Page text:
I've been playing phone tag with Keith Manoy, the city's senior transportation planner and the point man for all things streetcar. It's understandable. He's been a little busy.
"We're not in the streetcar business," Manoy says this morning. "But we're learning." He's doing his best to play catch-up. Not a lot of time for small talk with a reporter. He's also got a lot going on -- like getting maps and exhibits ready for Thursday night's town hall at Methodist Hospital. And he knows what's coming from that crowd. He knows people are going to ask why the initial line, funded in large part by $23 million in federal Transportation Investment Generating Economic Recovery funds, does not run all the way from Union Station to Methodist, as originally announced.
"Our expectation was [it would run all the way to] Methodist, but the reality is the money isn't there," he says. "Not that we've given up on finding additional funds, but you have to work with what you have in hand, especially as you report to funding agencies. What you don't want to do is define a project you can't deliver. But honestly, a lot of people think we shouldn't be doing it because it's not going to Bishop Arts, and I get that. But the reality is we have the money we have, and for me this is a really important link. It's a huge win. I personally hope people are excited. But I know some people think it's not going far enough."
Time is also a factor: The feds want that initial downtown Dallas-to-Oak Cliff line to begin revenue service by no later than December 2013. He says that the engineering work -- surveys, an environmental impact study -- has already begin. And, he says, there's still the slim chance it'll reach Methodist. But Manoy likes to refer to this initial phase as "the critical spine" of the larger streetcar system the city, Dallas Area Rapid Transit and the North Central Texas Council of Governments expect to take root in coming year.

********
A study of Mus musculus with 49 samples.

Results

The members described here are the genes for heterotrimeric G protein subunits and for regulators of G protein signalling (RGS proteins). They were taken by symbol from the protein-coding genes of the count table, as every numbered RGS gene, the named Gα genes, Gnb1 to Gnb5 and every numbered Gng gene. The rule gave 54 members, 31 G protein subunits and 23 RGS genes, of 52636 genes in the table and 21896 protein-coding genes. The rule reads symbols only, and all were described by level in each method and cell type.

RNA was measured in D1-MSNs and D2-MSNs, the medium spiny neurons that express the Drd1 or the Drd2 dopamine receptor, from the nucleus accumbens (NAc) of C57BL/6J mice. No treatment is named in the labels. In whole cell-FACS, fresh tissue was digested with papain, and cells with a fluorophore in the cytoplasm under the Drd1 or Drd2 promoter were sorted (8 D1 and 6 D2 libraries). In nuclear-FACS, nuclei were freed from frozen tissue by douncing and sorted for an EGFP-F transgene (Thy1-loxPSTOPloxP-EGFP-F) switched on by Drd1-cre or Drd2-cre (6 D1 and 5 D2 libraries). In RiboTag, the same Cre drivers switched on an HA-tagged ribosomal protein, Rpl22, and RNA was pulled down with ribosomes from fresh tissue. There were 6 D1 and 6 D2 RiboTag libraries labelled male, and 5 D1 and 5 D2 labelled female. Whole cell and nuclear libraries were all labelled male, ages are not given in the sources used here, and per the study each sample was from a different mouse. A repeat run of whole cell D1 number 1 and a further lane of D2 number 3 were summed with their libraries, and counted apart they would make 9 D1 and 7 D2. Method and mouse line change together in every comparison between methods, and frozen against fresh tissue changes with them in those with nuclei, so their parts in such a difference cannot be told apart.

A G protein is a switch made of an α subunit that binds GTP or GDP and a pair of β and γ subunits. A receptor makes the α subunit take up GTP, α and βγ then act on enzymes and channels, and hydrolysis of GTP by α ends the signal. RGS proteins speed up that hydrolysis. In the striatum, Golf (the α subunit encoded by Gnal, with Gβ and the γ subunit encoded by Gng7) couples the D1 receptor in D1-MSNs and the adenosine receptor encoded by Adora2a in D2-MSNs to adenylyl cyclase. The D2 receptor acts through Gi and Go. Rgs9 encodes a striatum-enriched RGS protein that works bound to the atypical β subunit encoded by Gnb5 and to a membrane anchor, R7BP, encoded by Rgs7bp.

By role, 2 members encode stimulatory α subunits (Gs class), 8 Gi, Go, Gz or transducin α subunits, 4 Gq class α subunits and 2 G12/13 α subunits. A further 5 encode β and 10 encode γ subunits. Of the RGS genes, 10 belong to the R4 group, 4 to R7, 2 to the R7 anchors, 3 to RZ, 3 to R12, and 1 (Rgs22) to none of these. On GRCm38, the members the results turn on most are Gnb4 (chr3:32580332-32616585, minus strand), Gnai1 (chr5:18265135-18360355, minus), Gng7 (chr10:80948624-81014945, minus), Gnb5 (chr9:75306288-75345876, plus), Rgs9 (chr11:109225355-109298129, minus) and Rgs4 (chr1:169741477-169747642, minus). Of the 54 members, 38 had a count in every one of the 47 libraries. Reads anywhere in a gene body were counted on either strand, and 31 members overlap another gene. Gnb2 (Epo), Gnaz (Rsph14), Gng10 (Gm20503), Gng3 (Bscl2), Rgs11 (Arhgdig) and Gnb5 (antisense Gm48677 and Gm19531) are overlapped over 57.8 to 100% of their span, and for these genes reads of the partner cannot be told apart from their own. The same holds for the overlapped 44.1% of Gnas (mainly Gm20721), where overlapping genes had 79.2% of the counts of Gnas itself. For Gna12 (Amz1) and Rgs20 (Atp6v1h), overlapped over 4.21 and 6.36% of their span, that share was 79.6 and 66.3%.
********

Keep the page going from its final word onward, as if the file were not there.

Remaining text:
"The idea is to get as close to Methodist as possible, but with $35 million, which is what we currently have, we won't get quite there," he says. "But, remember: That's a conceptual design. Once we get 10 percent of real engineering done, they'll know how close we can actually get to Beckley from where we are."
"This link, from Union Station across the bridge, will be plugged into the system plan," he says. "But the system plan looks at the larger efforts within a three-mile range to connect downtown to the surrounding neighborhoods -- Deep Ellum, Victory, the Cedars, Oak Cliff and so on."
That study, he says, should take about a year, give or take. And during that time, the downtown-to-OC line will inch from concept to reality. And during those months, Manoy pleads for patience.
"Everybody knows this particular project isn't sexy," he says of the initial line. "Some people think it looks silly. But it's the most critical effort to link downtown to Oak Cliff, and it'll be the hardest to fund since it goes over the [Houston Street] bridge. But the fact the feds were willing to fund it is a huge win, and we want to extend it, which is where the system plan comes in. It'll say: Are we gong down Bishop? Zang? To Jefferson? It'll fill in the gaps. But, like I say, this is a huge win. And I'm excited. I hope other people are too."